On April Fools’, Senator Bernie Sanders (Loonbag-VT) demonstrated that he’s the perfect mascot for the day with this tweet:
38 years ago, the top 0.1% owned about 7% of our nation’s wealth. Today, that same 0.1% owns 22% of the wealth.— Bernie Sanders (@BernieSanders) April 1, 2017
The implication here is obvious: something horrible has happened, rich people are getting richer, everyone else is getting poorer, and things were better 38 years ago.
Here are seven reasons why.
1. There Is No Such Thing As The “Top 0.1%.” Sanders and others on the left like to make it sound as though there is a tiny oligarchy of uber-wealthy people who earn all the money in the United States year after year, siphoning income to themselves while sucking out of the pockets of others. That’s nonsense. The constituency of the top earners in the United States changes dramatically year after year. For example, for those in the top 1 percent in 1996, incomes decreased by 26 percent by 2005. In other words, those people largely dropped out of the top 1 percent. As Thomas Sowell writes: “A University of Michigan study showed that most of the working people who were in the bottom 20 percent of income earners in 1975 were also in the top 40 percent at some point by 1991. Only 5 percent of those in the bottom quintile in 1975 were still there in 1991, while 29 percent of them were now in the top quintile.”
2. The Upper Middle Class Has Wildly Expanded. While both sides of the political aisle repeat the myth that the middle class has fallen apart in the last few decades, it hasn’t. In 1967, 22 percent of Americans made an inflation-adjusted income of less than $25,000; 61.8 percent of Americans made between $25,000 and $75,0000; 16.3 percent of Americans made an inflation-adjusted $75,000 per year or more. By 2009, 43.2 percent of Americans made between $25,000 and $75,000 – but 39.1 percent of Americans made over $75,000, and just 17.8 percent made less than $25,000. Overall, the upper middle class grew from 12 percent of Americans in 1979 to 30 percent as of 2014.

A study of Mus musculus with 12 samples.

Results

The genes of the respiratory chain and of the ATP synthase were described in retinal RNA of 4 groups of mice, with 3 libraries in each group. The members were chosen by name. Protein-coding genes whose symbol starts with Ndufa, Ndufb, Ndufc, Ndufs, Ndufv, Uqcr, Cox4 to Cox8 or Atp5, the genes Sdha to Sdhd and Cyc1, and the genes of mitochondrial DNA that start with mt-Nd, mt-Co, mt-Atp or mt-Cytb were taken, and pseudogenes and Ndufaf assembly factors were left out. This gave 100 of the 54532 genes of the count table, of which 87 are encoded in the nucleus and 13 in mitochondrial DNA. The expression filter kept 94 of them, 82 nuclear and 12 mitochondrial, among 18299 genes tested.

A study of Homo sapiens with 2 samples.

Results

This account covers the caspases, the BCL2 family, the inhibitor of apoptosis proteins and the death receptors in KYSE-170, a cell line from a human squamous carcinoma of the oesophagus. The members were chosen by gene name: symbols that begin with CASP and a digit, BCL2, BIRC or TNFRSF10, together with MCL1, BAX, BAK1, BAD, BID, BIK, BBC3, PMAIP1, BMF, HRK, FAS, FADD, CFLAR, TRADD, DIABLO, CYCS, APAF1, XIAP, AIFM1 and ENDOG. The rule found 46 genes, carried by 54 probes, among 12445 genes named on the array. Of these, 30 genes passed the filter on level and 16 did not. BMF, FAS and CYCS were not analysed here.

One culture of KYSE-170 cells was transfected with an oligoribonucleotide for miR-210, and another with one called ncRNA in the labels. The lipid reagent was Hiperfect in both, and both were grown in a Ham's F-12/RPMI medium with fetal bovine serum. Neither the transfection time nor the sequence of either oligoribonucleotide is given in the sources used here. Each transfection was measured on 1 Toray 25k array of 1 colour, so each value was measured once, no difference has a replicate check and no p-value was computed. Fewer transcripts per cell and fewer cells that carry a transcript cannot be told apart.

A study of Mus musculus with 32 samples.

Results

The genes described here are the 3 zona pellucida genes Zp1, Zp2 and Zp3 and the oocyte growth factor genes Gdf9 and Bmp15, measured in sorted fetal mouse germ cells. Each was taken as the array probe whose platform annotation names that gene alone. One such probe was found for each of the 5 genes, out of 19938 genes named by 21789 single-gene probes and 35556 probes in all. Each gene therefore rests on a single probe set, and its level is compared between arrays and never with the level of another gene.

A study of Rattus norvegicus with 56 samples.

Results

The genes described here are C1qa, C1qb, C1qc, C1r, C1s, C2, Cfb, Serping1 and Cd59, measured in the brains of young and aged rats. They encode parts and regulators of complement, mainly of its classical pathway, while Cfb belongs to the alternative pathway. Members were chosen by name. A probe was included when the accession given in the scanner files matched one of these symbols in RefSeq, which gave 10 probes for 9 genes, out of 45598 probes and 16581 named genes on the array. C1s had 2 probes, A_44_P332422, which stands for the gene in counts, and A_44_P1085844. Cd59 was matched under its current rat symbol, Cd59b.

3. Income Has Not Stagnated For Americans. While some wrongly claim that income has stagnated for the “bottom 90 percent of earners” since the 1970s, that’s not true. As Scott Winship of The Brookings Institution writes, “From 1967 to 1979, median household income grew by $5,500. This understates income growth during this period because it does not incorporate non-cash public transfers like food stamps, Medicaid, and Medicare and does not include fringe benefits or realized capital gains (such as from the sale of a home). From 1979 to 2009, we can use improved estimates from the Congressional Budget Office that combine the CPS data with tax return data to partially fill these gaps. CBO indicates that median household income (before taxes) rose by $14,200. After taxes, median income rose by $17,600. At a minimum, therefore, median household income rose by $20,000 from 1967 to 2009.”
4. Income Mobility In The United States Remains High. It is a lie that income mobility in the United States has stagnated. It’s just that people are making decisions that cause more income immobility, such as having children out of wedlock. When we adjust for those decisions, we actually find that the United States is on par with European countries with far more redistribution of wealth in terms of income mobility – and over time, intergenerational mobility has actually increased slightly in the United States over past generations.
5. Global Poverty Has Dropped Dramatically. In 1981, 44.3 percent of the global population lived on less than $1.90 per day; in 2015, the global extreme poverty rate dropped below 10 percent. That’s thanks to the rise of global capitalism and free trade, not redistributionism.
6. Life Expectancy In The United States Has Risen Dramatically. While Sanders decries the top 1 percent as the source of suffering, life expectancy has risen across the board in the United States over the past four decades. In 1979, average life expectancy was 73.9 years; today, it’s 78.9 years old. And remember, that figure includes all the premature death thanks to self-inflicted health problems, car accidents, and homicides. In the United States, we have the world’s top life expectancy from 1980 to 1999 without fatal injuries.
7. Living Standards Have Risen Dramatically In The United States. Remember the gas lines of 1979? How about lack of air conditioning, landlines, lack of personal computers, living spaces? All of our living standards are much higher now than they were 38 years ago thanks to technological development and capitalistic competition. The average poor person in the United States is rich by global standards: the majority have computers, virtually all have televisions, more than 80 percent have a Tivo, all have refrigerators and microwaves. And pretty much everybody has a cellphone, too.
So no, Bernie, 1979 wasn’t a better time. You’re just lying.